Give me $500 and I Will Stop Calling You

So my wife had an IRS Scam message on her phone. The heavily Indian-accented person said she owed a bunch of money to the IRS and they were going to call the cops if she didn’t pay up immediately.

I know that the elderly and the profoundly stupid are the primary targets of this scam, but it got me thinking, since I am getting close to retirement. . . .

If I started calling up random people and told them to pay me $500 and I would never call them again, would that be legal?

I would charge them no more than $500 on the credit card they gave me and I would never call them again, so I would not be defrauding them. I would, however, sell this list of 1000 profoundly stupid people with money for a nice fee.

Think it would work?

It might work in the sense that you might get someone to pay you. And if you’re honest about it, it’s not fraud.

Unfortunately for your plan, extortion (or more specifically exaction) is a violation of federal law, and since you’re essentially threatening to harass someone until they pay you to stop, you are guilty of that crime.

“Exaction refers not only to extortion or the demanding and obtaining of something through force, but additionally, in its formal definition, means the infliction of something such as pain and suffering or making somebody endure something unpleasant.”

Threatening harrassment unless somebody pays you money? I’m going to hazard a guess that there are laws against this.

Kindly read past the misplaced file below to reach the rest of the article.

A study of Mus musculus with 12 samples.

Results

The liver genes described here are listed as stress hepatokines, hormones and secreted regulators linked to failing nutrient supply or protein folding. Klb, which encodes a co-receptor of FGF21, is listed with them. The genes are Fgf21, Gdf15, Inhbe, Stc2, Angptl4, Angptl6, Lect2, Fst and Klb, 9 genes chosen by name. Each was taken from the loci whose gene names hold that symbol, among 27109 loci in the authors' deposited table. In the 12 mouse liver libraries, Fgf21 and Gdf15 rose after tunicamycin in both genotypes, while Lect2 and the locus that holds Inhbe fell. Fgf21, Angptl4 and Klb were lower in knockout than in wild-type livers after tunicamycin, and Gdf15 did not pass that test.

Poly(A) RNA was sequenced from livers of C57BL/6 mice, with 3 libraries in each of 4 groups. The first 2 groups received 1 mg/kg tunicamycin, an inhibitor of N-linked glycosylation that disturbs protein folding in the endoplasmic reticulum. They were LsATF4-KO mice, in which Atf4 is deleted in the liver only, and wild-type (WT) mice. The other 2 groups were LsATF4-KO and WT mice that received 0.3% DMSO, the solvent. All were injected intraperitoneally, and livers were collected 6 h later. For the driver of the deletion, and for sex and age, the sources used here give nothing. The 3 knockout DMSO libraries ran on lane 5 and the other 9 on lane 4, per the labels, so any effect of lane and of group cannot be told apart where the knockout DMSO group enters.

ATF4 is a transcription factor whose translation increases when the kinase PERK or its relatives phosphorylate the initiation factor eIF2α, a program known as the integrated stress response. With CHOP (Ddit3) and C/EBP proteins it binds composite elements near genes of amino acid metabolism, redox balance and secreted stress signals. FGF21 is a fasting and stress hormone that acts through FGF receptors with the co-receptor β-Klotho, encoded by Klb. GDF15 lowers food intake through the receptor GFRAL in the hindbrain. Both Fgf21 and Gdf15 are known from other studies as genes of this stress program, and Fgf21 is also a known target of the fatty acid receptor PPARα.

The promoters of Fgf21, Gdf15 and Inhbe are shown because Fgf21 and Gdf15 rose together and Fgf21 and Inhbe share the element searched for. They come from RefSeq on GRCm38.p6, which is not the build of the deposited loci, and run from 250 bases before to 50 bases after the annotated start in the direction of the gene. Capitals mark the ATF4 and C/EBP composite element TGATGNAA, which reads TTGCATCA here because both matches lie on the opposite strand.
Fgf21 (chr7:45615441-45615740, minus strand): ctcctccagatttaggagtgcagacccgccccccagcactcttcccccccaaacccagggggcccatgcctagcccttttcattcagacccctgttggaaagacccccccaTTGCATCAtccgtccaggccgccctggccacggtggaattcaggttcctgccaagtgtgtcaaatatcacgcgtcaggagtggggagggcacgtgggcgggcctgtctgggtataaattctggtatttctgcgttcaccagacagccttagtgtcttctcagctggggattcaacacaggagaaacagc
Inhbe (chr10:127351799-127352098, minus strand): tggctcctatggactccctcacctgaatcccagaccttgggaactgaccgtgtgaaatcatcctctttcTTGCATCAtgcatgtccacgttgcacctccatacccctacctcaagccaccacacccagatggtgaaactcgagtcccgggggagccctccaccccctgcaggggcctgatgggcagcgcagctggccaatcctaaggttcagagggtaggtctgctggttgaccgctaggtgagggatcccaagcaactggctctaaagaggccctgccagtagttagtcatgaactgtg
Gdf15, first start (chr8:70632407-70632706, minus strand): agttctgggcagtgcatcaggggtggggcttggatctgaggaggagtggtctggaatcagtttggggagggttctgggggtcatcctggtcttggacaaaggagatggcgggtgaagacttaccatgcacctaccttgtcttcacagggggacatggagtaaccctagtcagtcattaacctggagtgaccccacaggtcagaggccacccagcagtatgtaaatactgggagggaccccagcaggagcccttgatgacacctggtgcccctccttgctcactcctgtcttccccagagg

Get more creative. Offer “supplements” that will cure their ills, with no burden to prove that they work. Promise them that if they send you $500, Jesus will send them $5000.

YES! That’s IT!! Time to work on my script!

Excellent username/post combo. :smiley:

You’d better make sure that they can’t trace the call back and find you because they might have a very different method of stopping your calls in mind. LOL

Remember not to say that they actually cure anything-say that they are “designed to promote recovery from” whatever the hell ails you.

  1. Come up with a list of bothersome but common ailments. Osteoarthritis, say, or thinning hair, or weak fingernails.

  2. Find a dozen people who suffer from the ailment and that you think might be somewhat sensitive to suggestion. I think social media would make this fairly easy.

  3. Charge them a much-reduced rate for your magic substance. Since they paid something for it, most will report that they experienced less pain or more hair or whatever.

  4. Advertise your product by saying that clinical trials have proved it to work.

If you want, you could also offer a year’s free product in exchange for their testimonials.

Ideally, too, you would not just sell a bottle of pills, but offer the first month at a bargain rate while signing them up for automatic delivery at your regular high price.

(I think I watch too much late night TV.)

It’s also a lot better if you don’t live in the United States. It’s a crime to defraud people, but good luck prosecuting someone who lives in Hyderabad.

You pay only (inflated) shipping fees!!

I’d imagine that would still be illegal because the person is likely on the federal DNC list.

Such a scheme would be stronger than the Pyramids of Gaza!

There was a case in NYC perhaps 20-30 years ago where a very tough looking large man would go around asking people if he could have their wallet, there was a issue arresting/prosecuting him because he was asking. Not sure how that ultimately turned out.

No, non-profits & charities (including churches) are exempt from the DNC list.

If you’re smart, your “if they send you $500, Jesus will send them $5000” scam is probably run through a ‘church’, so that you don’t have to pay taxes on the money you collect, and are not going to be audited by the IRS, etc. on how you spend the money.